Undernutrition situation in India
Undernutrition rates are not only high, but have also been persistent over the years. In the last eight years, rates have only come down by 1% according to the government’s data (NFHS-3, 2005-06). In 2010, the Global Hunger Index placed India in the “alarming category” (von Grebmer et al., 2010). Preventing undernutrition, especially during the 1000 day period – conception to two years of age – has emerged as one of the most critical challenges to India’s development planners in recent times (Menon & Aguayo, 2011).
1000 days crucial in India
Essential nutrition interventions in India do not cover half of the group they are intended for (Menon & Aguayo, 2011). Undernutrition amongst women is one of the primary causes of low birth-weight babies and poor growth. Low birth-weight is a significant contributor to infant mortality. Moreover, low birth-weight babies who survive are likely to suffer growth retardation and illness throughout their childhood, adolescence and into adulthood. Growth-retarded adult women are likely to carry on the vicious cycle of malnutrition by giving birth to low birth-weight babies.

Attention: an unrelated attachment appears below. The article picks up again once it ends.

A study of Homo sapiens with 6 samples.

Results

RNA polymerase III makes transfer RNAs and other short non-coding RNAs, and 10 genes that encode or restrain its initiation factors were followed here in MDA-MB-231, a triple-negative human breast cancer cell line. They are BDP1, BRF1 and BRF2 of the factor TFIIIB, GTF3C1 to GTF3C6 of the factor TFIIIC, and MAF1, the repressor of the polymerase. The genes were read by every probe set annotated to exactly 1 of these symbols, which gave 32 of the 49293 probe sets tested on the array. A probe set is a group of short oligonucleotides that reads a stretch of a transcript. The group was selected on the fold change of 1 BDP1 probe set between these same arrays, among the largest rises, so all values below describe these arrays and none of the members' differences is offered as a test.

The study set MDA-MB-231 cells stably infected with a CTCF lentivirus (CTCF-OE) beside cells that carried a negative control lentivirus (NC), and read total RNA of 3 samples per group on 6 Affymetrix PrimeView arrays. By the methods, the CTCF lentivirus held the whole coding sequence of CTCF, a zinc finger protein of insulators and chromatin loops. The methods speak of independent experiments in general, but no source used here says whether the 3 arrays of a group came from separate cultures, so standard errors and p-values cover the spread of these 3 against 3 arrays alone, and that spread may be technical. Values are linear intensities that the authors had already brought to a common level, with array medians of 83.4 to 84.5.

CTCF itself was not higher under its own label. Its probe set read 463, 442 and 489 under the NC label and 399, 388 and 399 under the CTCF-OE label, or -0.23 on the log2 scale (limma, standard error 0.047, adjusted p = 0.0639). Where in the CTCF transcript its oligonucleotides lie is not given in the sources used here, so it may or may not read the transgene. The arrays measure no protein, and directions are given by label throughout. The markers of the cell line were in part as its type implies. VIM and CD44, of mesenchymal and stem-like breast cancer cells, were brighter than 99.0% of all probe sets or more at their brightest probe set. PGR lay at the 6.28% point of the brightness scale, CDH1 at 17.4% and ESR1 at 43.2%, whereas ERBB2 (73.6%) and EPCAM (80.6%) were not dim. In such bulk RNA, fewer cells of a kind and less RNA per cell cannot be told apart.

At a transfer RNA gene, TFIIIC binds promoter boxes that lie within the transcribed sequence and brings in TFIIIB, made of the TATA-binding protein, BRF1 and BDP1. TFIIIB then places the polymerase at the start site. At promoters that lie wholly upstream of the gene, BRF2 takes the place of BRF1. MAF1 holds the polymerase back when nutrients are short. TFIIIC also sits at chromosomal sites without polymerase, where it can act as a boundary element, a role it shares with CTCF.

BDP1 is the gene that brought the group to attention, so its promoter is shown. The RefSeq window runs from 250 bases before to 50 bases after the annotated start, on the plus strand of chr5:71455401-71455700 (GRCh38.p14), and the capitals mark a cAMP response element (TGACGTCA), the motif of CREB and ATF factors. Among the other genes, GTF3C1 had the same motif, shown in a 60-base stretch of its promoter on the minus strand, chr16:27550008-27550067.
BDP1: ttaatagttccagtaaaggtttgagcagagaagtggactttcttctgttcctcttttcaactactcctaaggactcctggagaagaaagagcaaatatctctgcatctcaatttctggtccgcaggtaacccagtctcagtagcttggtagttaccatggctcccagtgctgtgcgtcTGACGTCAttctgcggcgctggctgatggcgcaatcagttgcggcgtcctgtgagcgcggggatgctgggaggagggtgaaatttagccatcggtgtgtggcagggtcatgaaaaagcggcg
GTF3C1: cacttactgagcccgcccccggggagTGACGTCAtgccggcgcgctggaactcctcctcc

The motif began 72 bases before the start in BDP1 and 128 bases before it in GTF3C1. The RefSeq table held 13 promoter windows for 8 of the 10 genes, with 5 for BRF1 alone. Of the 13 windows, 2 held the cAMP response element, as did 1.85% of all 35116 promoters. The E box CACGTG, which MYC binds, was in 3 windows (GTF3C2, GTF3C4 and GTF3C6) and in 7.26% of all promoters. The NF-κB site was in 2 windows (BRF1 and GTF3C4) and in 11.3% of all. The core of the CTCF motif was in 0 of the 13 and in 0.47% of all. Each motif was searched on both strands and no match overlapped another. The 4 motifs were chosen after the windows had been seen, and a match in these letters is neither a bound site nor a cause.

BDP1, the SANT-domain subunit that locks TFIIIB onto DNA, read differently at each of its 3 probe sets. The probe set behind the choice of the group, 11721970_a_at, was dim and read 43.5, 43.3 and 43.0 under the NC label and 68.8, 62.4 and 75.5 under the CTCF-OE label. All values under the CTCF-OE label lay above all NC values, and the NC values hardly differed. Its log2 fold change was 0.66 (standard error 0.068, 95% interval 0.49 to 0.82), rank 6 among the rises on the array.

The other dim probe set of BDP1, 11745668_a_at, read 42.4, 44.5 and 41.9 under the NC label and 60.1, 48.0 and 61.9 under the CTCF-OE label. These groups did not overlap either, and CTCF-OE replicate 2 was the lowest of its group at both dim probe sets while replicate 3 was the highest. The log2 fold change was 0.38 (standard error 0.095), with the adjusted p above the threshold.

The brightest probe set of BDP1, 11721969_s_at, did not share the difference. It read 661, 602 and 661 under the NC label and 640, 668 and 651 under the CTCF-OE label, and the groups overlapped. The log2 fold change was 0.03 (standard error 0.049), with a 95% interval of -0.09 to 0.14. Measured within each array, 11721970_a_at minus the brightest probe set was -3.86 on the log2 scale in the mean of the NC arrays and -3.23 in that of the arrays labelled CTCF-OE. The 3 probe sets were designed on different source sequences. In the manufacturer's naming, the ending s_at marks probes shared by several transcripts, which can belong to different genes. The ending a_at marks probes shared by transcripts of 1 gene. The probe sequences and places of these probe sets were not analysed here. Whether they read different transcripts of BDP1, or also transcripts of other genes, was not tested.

About a third of newborns in India are born with low birth weight, and 52% of women and 74% of children are anemic. Other major nutritional deficiencies of public health importance in the country are vitamin A deficiency and iodine deficiency. According to National Nutrition Monitoring Bureau, over half Indian children have subclinical or biochemical deficiencies of Vitamin A, B, Folate and vitamin C (Upadhyay, 2011).
There are opportunities emerging in the nutrition policy space with the drafting of the National Food Security Bill. Efforts are being made to ensure the Bill incorporates nutrition interventions in the first 1000 days since conception. The other major opportunity lies in the restructuring of the ICDS programme. In this there are efforts to increase the focus on service delivery in the first 1000 days improve capacity within the programme. This process is ongoing and is an important consideration for the 12th five year plan of the Planning Commission.
There is also potential to scale up direct and indirect inputs for nutrition through the many implementation platforms that already exist in India. These include the Mid-day Meal, income enhancing platforms and others. There is also an opportunity to improve capacity linked to these implementation platforms by improving technical knowledge, management skills of frontline workers and community resource persons. There is potential for strong partnerships with technical and management resource institutions. This is coupled with creative approaches for quality training, guidance, support, recognition and motivation to frontline workers and community resource persons.
Read the India Situation Analysis (PDF) prepared for Transform Nutrition.